Stocks fall on White House saga, earnings jitters

Modest losses for the stock market on Monday as Congress moves ahead with efforts to impeach President Donald Trump - and investors prepare for the start of earnings season.

The Dow fell 89 points. The S&P lost 25. The Nasdaq tumbled 165.

Interest rates on U.S. government debt rose once again - hitting highs not seen since March. Mark Okada, CEO of Sycamore Tree Capital Partners, expects to see more volatility across all investments.

"I, frankly, am glad to see a day of pull-back a little bit. The huge move we saw last week is something that I really wouldn't expect to see given the historic sort of very negative actions across our government, across our economy now. And I think it's good to see a little bit of capital coming off and gains being taken and maybe this market getting a little bit lower in valuation."

That certainly was the case when it came to bitcoin. It took a nasty tumble. The world's biggest cryptocurrency fell more than 11 percent, a plunge of $4,300 on Monday after hitting record highs the prior week. Some investors worry that after doubling in price since early December, the price of the notoriously volatile digital currency has become too bubble-like.

As for individual stocks…the focus was on tech. Pro-Trump protesters demonstrated outside of Twitter after the social media site permanently suspended the president's account. Facebook, Alphabet-owned Google and Apple also took their strongest actions yet to limit Trump's social media reach after he instigated last week's Capitol riots. Shares of Twitter fell 6 percent.

Tesla had its first down day since December 22, dropping nearly 8 percent, in the stock's worst daily performance since October. Investors booked profits after Tesla shares rose more than seven-fold last year.

Video Transcript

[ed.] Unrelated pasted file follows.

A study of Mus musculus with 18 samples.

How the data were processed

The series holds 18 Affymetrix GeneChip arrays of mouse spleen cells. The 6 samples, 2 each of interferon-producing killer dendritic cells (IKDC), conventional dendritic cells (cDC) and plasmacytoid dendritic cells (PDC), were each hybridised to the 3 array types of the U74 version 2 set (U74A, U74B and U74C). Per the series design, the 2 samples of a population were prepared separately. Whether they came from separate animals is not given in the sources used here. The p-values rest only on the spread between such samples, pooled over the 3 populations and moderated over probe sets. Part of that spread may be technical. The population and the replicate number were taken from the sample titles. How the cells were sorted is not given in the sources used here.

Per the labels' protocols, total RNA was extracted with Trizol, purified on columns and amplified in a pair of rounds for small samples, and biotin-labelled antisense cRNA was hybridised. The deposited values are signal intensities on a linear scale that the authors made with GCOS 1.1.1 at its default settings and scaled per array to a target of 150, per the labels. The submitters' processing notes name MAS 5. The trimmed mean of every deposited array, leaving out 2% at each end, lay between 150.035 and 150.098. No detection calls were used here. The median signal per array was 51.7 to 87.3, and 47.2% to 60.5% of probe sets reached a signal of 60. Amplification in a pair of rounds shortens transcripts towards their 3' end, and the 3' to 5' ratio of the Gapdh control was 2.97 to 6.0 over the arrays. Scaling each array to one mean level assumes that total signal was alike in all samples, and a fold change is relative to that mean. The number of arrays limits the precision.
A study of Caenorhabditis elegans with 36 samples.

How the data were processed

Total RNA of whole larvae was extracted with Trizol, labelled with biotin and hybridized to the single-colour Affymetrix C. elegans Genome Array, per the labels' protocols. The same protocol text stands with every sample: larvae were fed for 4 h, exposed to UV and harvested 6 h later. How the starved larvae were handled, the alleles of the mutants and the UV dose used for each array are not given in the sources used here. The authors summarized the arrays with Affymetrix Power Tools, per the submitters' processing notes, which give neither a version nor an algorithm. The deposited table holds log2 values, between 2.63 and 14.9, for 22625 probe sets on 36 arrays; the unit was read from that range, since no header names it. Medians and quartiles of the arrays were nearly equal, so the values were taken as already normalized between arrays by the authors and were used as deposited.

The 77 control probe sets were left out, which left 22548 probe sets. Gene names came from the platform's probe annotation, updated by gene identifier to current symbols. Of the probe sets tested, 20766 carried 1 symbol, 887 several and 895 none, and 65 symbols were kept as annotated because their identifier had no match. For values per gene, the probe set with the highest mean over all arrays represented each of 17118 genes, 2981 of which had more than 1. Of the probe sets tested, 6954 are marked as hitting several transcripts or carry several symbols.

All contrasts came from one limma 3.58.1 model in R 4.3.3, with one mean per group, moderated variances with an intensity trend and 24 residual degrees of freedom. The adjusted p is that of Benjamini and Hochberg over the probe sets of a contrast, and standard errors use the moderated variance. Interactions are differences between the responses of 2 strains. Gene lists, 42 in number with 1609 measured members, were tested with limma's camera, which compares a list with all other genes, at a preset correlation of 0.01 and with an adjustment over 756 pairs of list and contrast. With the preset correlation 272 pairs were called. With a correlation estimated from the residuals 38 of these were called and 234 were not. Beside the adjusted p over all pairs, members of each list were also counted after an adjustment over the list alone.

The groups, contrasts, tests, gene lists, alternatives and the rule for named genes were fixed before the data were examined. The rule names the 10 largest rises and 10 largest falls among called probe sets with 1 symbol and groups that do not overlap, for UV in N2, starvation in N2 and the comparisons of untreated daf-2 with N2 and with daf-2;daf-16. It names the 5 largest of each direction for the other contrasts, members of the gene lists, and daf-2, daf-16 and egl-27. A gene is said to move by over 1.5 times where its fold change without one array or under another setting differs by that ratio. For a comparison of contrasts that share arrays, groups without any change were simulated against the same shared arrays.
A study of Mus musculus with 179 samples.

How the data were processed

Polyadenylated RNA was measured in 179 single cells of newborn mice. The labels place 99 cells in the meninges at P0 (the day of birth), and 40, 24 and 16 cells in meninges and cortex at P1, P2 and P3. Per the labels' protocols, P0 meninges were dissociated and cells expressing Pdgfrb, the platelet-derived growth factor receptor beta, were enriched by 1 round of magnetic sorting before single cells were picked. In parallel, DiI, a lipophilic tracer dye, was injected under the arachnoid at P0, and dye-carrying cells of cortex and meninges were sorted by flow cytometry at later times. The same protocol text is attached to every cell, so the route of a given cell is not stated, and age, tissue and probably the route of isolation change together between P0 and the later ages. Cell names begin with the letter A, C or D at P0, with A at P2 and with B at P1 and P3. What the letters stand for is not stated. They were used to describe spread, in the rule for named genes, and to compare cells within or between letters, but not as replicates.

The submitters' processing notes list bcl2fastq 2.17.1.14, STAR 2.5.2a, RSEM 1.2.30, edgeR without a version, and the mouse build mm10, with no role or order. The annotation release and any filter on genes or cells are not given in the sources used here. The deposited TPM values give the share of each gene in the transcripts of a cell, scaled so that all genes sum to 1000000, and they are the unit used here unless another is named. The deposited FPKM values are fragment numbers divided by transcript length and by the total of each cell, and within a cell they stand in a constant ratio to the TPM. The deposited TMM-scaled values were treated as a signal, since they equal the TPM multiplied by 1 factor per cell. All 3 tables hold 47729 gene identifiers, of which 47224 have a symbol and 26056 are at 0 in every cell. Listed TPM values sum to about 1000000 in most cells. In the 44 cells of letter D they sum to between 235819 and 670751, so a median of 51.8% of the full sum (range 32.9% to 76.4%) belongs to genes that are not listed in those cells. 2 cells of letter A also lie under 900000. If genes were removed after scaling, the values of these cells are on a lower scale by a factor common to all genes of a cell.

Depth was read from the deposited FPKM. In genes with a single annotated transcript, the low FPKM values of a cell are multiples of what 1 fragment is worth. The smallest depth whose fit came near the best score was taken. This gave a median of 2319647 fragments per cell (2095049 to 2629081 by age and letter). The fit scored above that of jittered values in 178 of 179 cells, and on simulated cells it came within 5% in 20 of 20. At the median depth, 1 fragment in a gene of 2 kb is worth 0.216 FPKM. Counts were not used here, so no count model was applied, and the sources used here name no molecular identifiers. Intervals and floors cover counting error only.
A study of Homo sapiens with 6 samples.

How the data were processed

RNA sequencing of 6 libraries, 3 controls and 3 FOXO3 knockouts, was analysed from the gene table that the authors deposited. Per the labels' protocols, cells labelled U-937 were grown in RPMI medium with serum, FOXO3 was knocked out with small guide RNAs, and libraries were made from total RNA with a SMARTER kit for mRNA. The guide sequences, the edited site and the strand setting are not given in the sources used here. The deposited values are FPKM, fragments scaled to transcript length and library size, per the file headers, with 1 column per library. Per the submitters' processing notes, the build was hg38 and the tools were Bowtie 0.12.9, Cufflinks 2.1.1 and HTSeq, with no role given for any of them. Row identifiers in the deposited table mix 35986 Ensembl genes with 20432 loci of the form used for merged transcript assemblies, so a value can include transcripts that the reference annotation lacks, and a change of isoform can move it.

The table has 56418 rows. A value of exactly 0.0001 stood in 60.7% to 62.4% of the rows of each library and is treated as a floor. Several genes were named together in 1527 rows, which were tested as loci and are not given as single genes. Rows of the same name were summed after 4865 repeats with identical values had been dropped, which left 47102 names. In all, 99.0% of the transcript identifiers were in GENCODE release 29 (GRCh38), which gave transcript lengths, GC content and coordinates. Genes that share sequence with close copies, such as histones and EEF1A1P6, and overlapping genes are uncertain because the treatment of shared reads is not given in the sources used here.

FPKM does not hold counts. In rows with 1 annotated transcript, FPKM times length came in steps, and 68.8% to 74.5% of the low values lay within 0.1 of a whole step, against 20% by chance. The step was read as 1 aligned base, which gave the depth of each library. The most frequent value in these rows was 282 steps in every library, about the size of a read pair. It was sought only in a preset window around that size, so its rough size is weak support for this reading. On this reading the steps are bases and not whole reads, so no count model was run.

- Modest losses for the stock market on Monday as Congress moves ahead with efforts to impeach President Donald Trump and investors prepare for the start of earnings season. The Dow fell 89 points. The S&P 500 lost 25. The NASDAQ tumbled 165. Interest rates on US government debt rose once again, hitting highs not seen since March. Mark Okada, CEO of Sycamore Tree Capital Partners, expects to see more volatility across all investments.

MARK OKADA: I frankly am glad to see a day of pullback a little bit. The huge move we saw last week is something that I really wouldn't expect to see, given the historic sort of very negative actions across our government, across our economy now. And I think it's good to see a little bit of capital coming off and gains being taken, maybe this market getting a little bit lower in valuation.

- That certainly was the case when it came to Bitcoin. It took a nasty tumble. The world's biggest cryptocurrency fell more than 11%, a plunge of $4,300 on Monday, after hitting record highs the prior week. Some investors worried that after doubling in price since early December, the price of the notoriously volatile digital currency has become too bubble-like. As for individual stocks, the focus was on tech. Pro-Trump protesters demonstrated outside of Twitter and the social media site permanently suspended the President's account.

Facebook, Alphabet-owned Google, and Apple also took their strongest actions yet to limit Trump's social media reach after he instigated last week's capital riots. Shares of Twitter fell 6%. Tesla had its first down day since December 22, dropping nearly 8% in the stock's worst daily performance since October. Investors booked profits after Tesla shares rose more than seven-fold last year.